Glaucoma and Eye Pressure
Glaucoma and eye pressure are commonly thought to be related. Increased eye pressure does put you at risk for glaucoma, but it doesn't guarantee that you will get the disease. On the other hand, it is also possible (although rare) to develop glaucoma without experiencing any increase in eye pressure.
Increased eye pressure does not necessarily indicate that a person has glaucoma.
Increased eye pressure means you are at risk for glaucoma (see Causes of Glaucoma), but does not mean you have the disease. A person has glaucoma only if the optic nerve is damaged. If you have increased eye pressure but no damage to the optic nerve, you do not have glaucoma. However, you are at risk.
It is estimated that between three and six million people in the United States have elevated eye pressure, representing between four and seven percent of the population above age 40.
Not every person with increased eye pressure will develop glaucoma. Some people can tolerate higher eye pressure better than others. Also, although a certain level of eye pressure may be high for one person, it may be normal for another.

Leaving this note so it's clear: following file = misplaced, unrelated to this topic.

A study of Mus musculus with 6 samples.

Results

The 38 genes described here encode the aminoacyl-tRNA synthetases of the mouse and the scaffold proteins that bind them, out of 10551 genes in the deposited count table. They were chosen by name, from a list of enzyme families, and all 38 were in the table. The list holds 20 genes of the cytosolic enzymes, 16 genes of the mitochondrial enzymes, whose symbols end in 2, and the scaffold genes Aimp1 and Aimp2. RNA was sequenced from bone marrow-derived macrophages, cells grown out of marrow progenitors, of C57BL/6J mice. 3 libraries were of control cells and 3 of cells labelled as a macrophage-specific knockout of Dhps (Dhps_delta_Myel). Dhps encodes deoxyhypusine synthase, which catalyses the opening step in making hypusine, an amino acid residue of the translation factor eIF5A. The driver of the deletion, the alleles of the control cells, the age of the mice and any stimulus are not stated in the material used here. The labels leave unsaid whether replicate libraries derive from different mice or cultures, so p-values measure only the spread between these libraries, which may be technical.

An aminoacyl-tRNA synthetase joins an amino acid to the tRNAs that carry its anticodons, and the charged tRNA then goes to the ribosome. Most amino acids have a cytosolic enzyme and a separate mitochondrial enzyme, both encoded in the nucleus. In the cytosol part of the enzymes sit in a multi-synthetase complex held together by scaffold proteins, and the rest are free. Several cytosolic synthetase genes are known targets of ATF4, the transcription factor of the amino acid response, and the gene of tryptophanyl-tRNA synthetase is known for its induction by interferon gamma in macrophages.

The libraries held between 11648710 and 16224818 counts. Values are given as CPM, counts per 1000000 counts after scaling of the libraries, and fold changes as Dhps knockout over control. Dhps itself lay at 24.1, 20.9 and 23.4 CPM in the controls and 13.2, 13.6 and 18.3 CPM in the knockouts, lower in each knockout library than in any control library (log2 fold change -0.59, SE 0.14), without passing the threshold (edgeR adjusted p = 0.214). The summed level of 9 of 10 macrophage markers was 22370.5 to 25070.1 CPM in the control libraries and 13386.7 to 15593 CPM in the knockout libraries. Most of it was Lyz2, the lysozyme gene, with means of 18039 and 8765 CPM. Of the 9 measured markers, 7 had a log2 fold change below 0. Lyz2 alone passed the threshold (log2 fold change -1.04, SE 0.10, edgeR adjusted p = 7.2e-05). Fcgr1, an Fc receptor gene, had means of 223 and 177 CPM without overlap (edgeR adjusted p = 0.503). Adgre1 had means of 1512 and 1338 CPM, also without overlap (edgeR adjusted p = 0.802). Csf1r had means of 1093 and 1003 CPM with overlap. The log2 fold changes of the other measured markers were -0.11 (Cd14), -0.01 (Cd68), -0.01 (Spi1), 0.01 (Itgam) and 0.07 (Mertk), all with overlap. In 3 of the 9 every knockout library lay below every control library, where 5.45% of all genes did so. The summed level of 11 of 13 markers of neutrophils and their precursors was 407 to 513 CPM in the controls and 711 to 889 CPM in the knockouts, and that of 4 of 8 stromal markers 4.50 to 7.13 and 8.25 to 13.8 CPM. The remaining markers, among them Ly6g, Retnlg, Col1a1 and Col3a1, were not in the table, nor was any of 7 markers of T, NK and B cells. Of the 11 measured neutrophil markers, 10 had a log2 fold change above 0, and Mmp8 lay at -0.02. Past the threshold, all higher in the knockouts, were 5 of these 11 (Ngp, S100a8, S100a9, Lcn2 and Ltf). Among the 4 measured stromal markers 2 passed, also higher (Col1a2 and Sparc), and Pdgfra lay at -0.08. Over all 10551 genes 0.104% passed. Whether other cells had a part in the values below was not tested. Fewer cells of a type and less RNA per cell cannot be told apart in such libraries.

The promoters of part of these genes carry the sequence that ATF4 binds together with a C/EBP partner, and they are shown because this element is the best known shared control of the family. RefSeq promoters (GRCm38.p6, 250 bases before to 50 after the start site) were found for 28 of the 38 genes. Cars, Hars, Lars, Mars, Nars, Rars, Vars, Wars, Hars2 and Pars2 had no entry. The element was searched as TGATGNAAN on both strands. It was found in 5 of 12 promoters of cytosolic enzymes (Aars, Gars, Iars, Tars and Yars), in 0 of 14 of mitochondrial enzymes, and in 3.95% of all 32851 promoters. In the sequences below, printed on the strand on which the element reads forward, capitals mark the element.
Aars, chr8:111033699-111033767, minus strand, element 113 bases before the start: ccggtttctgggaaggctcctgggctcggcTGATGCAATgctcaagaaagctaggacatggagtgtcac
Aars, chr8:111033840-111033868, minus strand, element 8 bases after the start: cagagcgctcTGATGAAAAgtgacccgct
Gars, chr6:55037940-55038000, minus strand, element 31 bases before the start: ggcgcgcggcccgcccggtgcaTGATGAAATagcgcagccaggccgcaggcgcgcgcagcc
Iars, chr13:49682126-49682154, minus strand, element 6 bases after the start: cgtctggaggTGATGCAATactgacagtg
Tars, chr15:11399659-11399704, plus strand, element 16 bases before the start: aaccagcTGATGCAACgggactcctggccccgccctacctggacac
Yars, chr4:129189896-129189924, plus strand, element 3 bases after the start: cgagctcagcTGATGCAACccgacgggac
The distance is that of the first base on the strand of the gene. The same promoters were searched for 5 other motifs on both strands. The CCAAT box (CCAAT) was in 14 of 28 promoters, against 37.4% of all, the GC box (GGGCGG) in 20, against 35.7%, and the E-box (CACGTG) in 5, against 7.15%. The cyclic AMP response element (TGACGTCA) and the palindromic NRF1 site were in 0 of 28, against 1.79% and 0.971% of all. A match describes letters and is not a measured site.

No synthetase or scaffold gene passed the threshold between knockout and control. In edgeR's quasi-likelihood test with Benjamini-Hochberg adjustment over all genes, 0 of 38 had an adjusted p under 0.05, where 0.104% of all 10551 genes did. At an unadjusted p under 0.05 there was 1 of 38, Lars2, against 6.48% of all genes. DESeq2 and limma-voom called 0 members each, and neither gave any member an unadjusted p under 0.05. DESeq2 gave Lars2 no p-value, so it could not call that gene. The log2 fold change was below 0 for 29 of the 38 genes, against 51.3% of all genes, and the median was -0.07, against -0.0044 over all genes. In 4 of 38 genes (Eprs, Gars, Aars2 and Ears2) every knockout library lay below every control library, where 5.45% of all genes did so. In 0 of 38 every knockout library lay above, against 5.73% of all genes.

Whether you develop glaucoma depends on the level of pressure your optic nerve can tolerate without being damaged. This level is different for each person. That's why a comprehensive dilated eye exam is very important. It can help your eye care professional determine what level of eye pressure is normal for you.
Finally, people might wonder if they can develop glaucoma without an increase in eye pressure. The answer is yes. Glaucoma can develop without increased eye pressure. This form of glaucoma is called low tension or normal tension glaucoma. It is not as common as open angle glaucoma.